Bok sensation Canan Moodie reveals Lionel Mapoe's simple advice that rocketed his rise

  • It was the former Bok utility back, Moodie's roommate before making his Currie Cup debut in January, who told him to just keep things simple and he's taken that advice on board throughout.
  • Moodie is also acutely aware that, despite still being 19, he's now a proverbially marked man.

Canan Moodie, given his famed maturity already as a 19-year-old, isn't afraid to seek out the wisdom of his veteran teammates.

In fact, the gifted Bulls winger's meteoric rise to Springbok stardom can be partly attributed to him having grizzled former national utility back Lionel Mapoe as his roommate ahead of his Currie Cup debut against Western Province in January.

"It's definitely been the culmination of many guys giving me some form of advice. But I have to say that Lionel was the first," said Moodie, ahead of his return to the Bulls' URC squad for Friday's meeting with Connacht at Loftus.

"He was my first roommate ahead of that game and it was really great having him around. He's very cool and told me from the outset that I simply needed to stay calm and really not try to overthink things. It was about focusing less on the game itself and just letting the process run.

"Don't do anything special. Just do the work and the rest will come. I found much value in that."

READ | Connacht coach warns charges of Bulls 'bullies': 'We need to stop being the nice Irish boys'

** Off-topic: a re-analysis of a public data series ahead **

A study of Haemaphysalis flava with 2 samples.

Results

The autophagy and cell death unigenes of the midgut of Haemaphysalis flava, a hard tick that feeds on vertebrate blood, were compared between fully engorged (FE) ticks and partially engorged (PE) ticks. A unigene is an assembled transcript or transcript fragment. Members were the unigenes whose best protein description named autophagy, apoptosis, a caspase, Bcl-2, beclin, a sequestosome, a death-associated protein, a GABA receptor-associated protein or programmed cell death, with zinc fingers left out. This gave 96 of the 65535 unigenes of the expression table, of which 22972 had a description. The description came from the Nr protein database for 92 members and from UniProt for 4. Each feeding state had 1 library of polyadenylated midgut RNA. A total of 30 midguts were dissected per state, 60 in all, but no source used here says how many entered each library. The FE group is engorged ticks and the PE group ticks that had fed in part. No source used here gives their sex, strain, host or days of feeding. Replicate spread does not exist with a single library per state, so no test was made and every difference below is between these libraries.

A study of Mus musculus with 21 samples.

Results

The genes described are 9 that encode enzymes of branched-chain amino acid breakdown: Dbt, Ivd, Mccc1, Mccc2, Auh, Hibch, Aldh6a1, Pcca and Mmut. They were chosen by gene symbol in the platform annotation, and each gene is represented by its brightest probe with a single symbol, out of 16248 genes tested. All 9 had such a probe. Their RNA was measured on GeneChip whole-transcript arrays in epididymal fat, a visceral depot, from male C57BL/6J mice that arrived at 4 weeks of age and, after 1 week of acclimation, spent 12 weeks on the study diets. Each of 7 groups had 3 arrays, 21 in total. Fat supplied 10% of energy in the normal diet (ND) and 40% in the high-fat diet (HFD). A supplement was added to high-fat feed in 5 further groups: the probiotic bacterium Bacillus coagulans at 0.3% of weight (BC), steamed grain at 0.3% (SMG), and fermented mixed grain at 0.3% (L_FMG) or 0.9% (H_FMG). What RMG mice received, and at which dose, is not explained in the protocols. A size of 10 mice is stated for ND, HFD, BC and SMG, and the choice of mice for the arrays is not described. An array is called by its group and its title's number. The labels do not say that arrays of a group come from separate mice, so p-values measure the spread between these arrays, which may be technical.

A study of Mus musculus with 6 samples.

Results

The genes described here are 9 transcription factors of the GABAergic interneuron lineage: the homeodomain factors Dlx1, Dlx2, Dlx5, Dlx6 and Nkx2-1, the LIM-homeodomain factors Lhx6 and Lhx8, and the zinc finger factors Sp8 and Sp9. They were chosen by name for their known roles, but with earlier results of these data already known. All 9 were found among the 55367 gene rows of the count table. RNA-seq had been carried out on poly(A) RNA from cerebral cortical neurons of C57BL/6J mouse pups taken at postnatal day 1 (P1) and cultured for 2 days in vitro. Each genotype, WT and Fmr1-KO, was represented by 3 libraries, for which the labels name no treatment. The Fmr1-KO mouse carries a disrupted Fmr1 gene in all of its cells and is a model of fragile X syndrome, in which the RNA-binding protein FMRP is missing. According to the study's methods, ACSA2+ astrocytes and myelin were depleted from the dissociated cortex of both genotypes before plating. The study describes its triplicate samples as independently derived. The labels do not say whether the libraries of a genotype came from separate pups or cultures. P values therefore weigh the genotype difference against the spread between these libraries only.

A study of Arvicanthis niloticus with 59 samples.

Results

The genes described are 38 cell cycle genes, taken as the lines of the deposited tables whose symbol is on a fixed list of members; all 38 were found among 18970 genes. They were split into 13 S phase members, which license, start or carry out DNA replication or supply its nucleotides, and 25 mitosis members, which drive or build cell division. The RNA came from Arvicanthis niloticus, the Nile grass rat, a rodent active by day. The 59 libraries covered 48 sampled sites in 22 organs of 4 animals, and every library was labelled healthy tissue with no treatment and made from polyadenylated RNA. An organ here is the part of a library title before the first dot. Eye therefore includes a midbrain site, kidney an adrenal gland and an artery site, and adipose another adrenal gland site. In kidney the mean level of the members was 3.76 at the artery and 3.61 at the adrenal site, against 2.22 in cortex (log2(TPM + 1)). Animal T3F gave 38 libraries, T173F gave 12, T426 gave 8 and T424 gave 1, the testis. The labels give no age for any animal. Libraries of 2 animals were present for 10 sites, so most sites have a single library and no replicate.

Ironically, Moodie capped that performance with a try.

Seven months later, as the beneficiary of a severe injury crisis at right wing in the national camp, the youngster from Paarl became the second youngest Bok debutant since readmission.

Naturally, he sought out the man who holds that record, Frans Steyn, for some advice, even if the legendary 35-year-old isn't a man of many words.

"He just told me to keep on doing what I'm doing. I appreciated that he realised I'm coming into a setup that has a lot of experienced World Cup winners in it and said that I shouldn't be overwhelmed. They wouldn't have picked me if I didn't belong here," said Moodie.

SYDNEY, AUSTRALIA - SEPTEMBER 03:  Canan Moodie of
Canan Moodie. (Photo by Matt King/Getty Images)

True to form, relatively speaking, he emulated his exploits of the Currie Cup by scoring a try on Test debut too, a brilliant grab out of the air from a sleepy Marika Koroibete.

"I personally thought the kick forward by [Bok scrumhalf] Jaden [Hendrikse] was a tad too far. Yet as we know, if you play at wing for the Boks, you're expected to follow up on kicks," said Moodie.

"But I just still went full-out for it and Marika probably didn't expect me to get there. I grabbed the ball and there was an open tryline in front of me.

"It was an unbelievable feeling to score that try."

Greater responsibility

Ironically, despite his ripe young age and the admission that he was much to learn still, Moodie returns to Loftus now as a proverbial marked man that's usually far older than he is.

He's ready for that challenge.

"That's the big focus now. I have to show everyone that I play like a national player now and with that comes greater responsibility," said Moodie.

"Opponents will now keep an eye on me and analyse my play more thoroughly. They're not going to make it easy for me."

Kick-off at Loftus on Friday is at 18:30.